HED Reverse Mortgages
More and more these days, seniors who have substantial equity in their homes, but who are nonetheless cash-poor, are turning to reverse mortgages to supplement their retirement savings. A reverse mortgage may provide a lump sum payment to the homeowner/borrower, or it may make periodic payments or set up a line of credit -- or a combination of the three. The loan balance increases with interest and periodic payments over time, causing negative amortization (an increase in the outstanding balance of the loan). The loan is secured by real property, and is repaid from proceeds from the future sale of the home, but the borrower is generally not personally liable.
To qualify for a reverse mortgage, a homeowner must be 62 years old or older and must have home equity, and the home must meet minimum property standards set by the
The lender determines the size of a loan based on equity, the borrower's age (and that of a co-owner, if applicable), current interest rates, and the type of program selected. As long as the borrower maintains the home and pays the property taxes and insurance premiums, he or she retains ownership. The loan doesn't have to be repaid until the homeowner dies, sells the property or lives elsewhere for 12 months. When the home is sold, the borrower (or estate) pays off the loan plus interest. Any equity left it is paid to the owner or heirs. As long as the property is sold at a fair market price, even if it is less than the loan balance, the lender cannot claim more than the sale amount received.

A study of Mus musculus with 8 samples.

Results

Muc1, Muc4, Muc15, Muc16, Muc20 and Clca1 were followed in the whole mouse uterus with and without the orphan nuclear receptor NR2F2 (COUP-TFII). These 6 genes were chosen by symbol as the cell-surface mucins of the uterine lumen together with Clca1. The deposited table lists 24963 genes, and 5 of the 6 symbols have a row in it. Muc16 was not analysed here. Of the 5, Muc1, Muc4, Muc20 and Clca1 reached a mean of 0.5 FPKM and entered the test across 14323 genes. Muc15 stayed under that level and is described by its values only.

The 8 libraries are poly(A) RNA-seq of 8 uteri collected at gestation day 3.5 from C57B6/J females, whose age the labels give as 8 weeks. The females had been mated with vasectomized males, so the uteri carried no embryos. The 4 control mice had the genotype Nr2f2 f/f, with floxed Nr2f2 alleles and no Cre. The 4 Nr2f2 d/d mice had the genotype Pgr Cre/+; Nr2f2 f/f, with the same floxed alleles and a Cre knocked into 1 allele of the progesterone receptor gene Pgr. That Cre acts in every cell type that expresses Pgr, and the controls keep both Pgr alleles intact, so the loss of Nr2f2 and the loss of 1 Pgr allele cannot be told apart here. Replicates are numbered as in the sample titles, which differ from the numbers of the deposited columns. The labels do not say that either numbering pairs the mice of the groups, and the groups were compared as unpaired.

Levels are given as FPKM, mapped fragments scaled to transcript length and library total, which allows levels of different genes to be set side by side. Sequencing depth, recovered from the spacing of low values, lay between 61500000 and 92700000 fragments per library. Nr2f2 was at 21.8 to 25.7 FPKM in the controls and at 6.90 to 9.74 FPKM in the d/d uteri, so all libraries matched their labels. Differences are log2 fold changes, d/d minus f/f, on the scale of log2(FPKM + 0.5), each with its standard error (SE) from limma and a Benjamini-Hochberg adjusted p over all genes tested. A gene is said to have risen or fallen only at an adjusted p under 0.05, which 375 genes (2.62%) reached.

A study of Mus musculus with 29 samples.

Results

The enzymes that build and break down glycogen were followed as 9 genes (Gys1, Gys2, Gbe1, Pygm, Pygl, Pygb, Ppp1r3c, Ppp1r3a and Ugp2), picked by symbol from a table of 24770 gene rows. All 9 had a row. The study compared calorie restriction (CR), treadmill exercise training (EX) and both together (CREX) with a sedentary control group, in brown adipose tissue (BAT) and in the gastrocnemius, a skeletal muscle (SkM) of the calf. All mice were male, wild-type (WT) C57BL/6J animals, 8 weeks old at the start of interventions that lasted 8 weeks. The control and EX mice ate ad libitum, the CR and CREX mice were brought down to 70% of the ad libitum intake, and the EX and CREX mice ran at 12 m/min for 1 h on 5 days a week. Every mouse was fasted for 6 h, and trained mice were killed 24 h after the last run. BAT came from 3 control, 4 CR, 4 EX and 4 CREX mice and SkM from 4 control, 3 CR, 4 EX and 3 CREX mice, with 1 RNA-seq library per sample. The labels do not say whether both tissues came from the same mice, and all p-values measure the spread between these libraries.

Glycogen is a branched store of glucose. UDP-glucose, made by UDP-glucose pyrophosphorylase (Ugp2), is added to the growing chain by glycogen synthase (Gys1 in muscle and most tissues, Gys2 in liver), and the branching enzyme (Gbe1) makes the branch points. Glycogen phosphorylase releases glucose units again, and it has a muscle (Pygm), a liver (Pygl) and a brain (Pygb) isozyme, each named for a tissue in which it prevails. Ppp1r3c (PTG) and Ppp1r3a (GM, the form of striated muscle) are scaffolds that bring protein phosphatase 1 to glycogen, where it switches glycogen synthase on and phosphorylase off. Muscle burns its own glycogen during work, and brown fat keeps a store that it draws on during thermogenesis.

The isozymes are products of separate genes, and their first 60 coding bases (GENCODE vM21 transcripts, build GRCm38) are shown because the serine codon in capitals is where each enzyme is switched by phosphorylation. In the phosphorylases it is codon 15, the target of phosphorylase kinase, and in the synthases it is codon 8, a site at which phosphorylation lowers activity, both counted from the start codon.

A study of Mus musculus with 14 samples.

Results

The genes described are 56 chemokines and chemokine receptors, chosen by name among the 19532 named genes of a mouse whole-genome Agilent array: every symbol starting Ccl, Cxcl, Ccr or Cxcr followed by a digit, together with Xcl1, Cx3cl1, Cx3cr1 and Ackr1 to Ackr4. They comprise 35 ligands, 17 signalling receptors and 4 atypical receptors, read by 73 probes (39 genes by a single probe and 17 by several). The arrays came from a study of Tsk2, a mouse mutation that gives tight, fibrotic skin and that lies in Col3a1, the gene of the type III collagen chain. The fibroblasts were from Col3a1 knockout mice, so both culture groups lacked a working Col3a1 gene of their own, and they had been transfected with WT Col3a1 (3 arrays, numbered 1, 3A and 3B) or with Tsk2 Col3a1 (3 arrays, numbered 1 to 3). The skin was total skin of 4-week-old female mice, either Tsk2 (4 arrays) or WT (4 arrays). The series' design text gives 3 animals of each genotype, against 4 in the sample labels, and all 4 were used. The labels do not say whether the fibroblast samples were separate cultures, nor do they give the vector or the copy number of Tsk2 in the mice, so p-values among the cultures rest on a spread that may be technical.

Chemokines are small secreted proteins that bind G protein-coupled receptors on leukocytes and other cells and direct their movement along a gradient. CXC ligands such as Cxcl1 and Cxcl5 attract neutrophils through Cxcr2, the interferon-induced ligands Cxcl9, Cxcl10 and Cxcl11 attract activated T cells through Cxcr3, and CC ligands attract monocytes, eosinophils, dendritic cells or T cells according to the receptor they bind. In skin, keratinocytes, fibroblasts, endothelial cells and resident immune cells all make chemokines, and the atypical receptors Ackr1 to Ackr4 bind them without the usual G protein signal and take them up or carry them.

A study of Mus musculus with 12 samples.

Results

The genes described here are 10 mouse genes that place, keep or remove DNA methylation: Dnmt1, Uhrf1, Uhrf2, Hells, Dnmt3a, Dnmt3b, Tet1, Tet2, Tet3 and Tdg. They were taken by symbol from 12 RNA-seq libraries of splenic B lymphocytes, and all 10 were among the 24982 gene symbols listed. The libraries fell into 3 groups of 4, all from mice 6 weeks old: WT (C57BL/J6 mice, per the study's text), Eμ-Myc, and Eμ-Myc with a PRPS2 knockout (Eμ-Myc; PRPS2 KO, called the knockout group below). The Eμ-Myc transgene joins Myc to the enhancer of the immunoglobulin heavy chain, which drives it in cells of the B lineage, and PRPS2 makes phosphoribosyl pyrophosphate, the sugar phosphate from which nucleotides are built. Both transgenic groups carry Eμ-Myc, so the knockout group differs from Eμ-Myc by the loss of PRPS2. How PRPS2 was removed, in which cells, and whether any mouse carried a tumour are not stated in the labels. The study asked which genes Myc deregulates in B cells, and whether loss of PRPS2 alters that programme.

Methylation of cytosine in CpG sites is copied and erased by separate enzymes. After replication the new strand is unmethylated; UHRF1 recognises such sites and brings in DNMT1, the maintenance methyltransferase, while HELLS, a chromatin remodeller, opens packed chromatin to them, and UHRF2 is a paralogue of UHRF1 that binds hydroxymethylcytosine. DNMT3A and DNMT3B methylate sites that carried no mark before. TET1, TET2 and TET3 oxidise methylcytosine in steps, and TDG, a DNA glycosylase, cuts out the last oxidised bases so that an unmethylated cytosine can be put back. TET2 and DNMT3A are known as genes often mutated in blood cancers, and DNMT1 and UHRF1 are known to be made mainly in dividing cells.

Most reverse mortgages are insured through the
Borrowers can select either a fixed-rate or adjustable-rate mortgage. With a fixed-rate mortgage, the borrower must take all the money in a lump sum, and interest accrues immediately. You should consider this type of mortgage only if you need access to all the equity immediately. Some lenders waive or reduce initial costs such as loan origination and/or servicing fees for this type of loan. Therefore, it pays to comparison shop.
With adjustable-rate mortgages, the interest rate may change every month. Rates will vary over the life of the loan, and can rise substantially. So it is important to review the history of the underlying index. The advantage of this option is that a borrower can use multiple lump sums, regular monthly payments, or a credit line to use at his or her convenience. The major disadvantage is that future interest costs are not known, so increases in rates can jeopardize the borrower's access to additional funds that may be needed to maintain the property and continue to pay real estate taxes and insurance.
Most experts agree that other options should be considered first, and that reverse mortgages make more sense for borrowers in their 70s or older, rather than in their 60s. Next week I will discuss other options, sources of information, and provide examples of the costs of reverse mortgages.